Coming off of an impressive 70-3 triumph over Austin Peay, head coach Bret Bielema is enthused by the relative health of his football team as it prepares to enter Big Ten play against Michigan State.
“From a health standpoint I’m very excited because probably since the start of fall camp this is the healthiest we’ve been,” Bielema said.
Besides losing linebacker Chris Borland for the season last week, almost all of the Badgers are ready for action. The exceptions are sophomore quarterback Curt Phillips, who hasn’t been cleared to play and will not be involved for one-to-two weeks, and senior receiver David Gilreath, who is still recovering from a concussion. Bielema said a decision about whether or not Gilreath will play will be made Tuesday.
After committing only 11 penalties in four games, Bielema applauded his team for its discipline and fundamentally sound play.
“I really like the clean play that they [have shown]. It’s guys taking care of business. It means that they’re concentrating on the details. I believe we’re up there very high [not only in the Big Ten] but also in the country,” Bielema said in terms of total penalties committed.
“Again, just the presence and the awareness of our guys that [penalties] do make a difference is very, very important for us to have success.”
Bielema stressed the importance of avoiding penalties and said he sees them as detractors that inhibit quality performance.
As the Badgers prepare to face a stout rush defense in East Lansing and other ensuing Big Ten opponents, there have been questions about the extent of star running back John Clay’s role in the offense and what to expect in upcoming games. Despite having gained over 500 yards rushing in just 4 games, some fans want to see Clay get more opportunities. Bielema though, just wants Clay to remain fresh throughout the game and maximize his involvement in the offense.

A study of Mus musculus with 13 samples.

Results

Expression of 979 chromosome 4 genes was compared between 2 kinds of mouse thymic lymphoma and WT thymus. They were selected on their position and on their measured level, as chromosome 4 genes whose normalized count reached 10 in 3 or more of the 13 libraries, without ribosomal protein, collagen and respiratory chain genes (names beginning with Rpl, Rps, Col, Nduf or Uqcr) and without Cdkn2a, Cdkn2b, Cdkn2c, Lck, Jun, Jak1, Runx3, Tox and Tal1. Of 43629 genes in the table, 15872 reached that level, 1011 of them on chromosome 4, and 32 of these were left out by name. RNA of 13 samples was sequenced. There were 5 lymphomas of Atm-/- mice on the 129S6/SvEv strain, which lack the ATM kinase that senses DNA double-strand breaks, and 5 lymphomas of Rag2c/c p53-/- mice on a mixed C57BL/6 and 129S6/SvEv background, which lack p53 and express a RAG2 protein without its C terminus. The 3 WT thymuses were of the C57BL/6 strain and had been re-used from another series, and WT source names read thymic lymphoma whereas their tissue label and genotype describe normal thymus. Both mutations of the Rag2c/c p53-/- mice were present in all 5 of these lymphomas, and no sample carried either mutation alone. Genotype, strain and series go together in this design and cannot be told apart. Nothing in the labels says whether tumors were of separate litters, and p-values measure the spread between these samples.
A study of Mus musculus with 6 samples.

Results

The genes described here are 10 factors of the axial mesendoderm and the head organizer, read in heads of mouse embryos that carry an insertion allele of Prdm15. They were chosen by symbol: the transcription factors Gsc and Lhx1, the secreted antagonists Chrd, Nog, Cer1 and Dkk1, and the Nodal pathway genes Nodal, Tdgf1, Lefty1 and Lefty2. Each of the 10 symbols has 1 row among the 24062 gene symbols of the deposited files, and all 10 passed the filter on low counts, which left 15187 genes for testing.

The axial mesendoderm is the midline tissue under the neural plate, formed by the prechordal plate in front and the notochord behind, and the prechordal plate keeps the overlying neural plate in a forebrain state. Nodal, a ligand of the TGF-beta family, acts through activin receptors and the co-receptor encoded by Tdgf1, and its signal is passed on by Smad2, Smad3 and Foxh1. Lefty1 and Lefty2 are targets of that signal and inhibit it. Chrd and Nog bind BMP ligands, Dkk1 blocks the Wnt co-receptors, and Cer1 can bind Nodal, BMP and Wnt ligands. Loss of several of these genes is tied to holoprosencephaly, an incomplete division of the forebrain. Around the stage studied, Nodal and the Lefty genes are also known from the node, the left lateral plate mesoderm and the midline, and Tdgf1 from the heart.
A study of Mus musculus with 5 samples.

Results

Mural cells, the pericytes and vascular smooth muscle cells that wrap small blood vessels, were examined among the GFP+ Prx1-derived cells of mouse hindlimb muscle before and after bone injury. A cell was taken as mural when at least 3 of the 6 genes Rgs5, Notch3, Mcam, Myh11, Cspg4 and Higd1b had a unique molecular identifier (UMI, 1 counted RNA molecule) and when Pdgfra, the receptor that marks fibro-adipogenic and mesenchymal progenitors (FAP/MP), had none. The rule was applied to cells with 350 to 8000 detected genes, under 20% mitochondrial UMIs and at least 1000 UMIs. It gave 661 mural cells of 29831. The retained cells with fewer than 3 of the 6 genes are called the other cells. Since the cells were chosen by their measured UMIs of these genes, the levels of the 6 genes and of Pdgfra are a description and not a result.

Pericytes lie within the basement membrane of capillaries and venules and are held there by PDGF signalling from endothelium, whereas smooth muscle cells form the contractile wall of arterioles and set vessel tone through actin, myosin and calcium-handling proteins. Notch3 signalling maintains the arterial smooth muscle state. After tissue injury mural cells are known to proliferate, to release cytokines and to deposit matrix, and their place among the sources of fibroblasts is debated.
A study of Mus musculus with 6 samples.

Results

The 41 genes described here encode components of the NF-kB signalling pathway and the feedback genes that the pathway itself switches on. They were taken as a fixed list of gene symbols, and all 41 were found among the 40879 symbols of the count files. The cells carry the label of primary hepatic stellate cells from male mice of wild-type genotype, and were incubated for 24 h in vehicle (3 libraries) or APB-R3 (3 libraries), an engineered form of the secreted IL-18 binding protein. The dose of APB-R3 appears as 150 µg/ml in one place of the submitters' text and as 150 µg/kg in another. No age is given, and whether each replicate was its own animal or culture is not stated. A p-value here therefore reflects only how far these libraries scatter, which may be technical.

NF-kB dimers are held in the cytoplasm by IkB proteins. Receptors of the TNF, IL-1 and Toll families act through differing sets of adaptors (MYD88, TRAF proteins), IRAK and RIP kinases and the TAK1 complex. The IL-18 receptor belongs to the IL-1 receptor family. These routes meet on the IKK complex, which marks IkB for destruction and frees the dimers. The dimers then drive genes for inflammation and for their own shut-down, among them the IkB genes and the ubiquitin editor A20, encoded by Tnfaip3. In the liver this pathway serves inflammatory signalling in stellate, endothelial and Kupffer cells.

“I don’t worry about his numbers or anything like that; I worry about his performance,” Bielema said. “We want to have John for four quarters for as many games as we can,” he said.
Bielema explained that Clay’s performance is a reflection of the Badgers’ system and offensive philosophy.
“John is going to get yards. He’s going to get stats…but, really, that’s a byproduct of what we do. John benefits by being a tailback in our program…That’s the part that we can kind of recruit to here; you can come here and be that guy, and if you don’t want to be him, then we’ll get someone else,” Bielema said.
New avenue in passing game
With the spotlight focused directly on tight end Lance Kendricks in the passing game, developing other players and outlets for Scott Tolzien could only benefit the Badgers. Freshman tight end Jacob Pedersen, who caught a touchdown pass Saturday, could be a prime example.
“We want to get him a lot of reps,” Bielema said. “Jacob is a very all-around good athlete. [He] really understands the game now. That little play at the back of the end zone may have done more for him than anything I could say or do.”
Outlook heading into conference play
As for the general state of his team, Bielema is pleased, but, like any coach, sees room for improvement.
To reach their high goals this season, the Badgers must continue to get better.
“I’m happy with were they’re at. We’re not anywhere close to being where I think we can be,” Bielema said. “We need to keep improving.”
Saturday’s matchup in what Bielema labeled a “hostile environment” should be a valuable opportunity for the Badgers to gauge their strengths and weaknesses as they head into the substantive portion of their schedule.
But Bielema noted that he has genuine confidence in his team and is excited to see them perform Saturday.
“They really do believe in what we do. There’s no wandering eyes, there’s no ‘here we go again’,” Bielema said. “It’s just ‘okay let’s do what we do’.”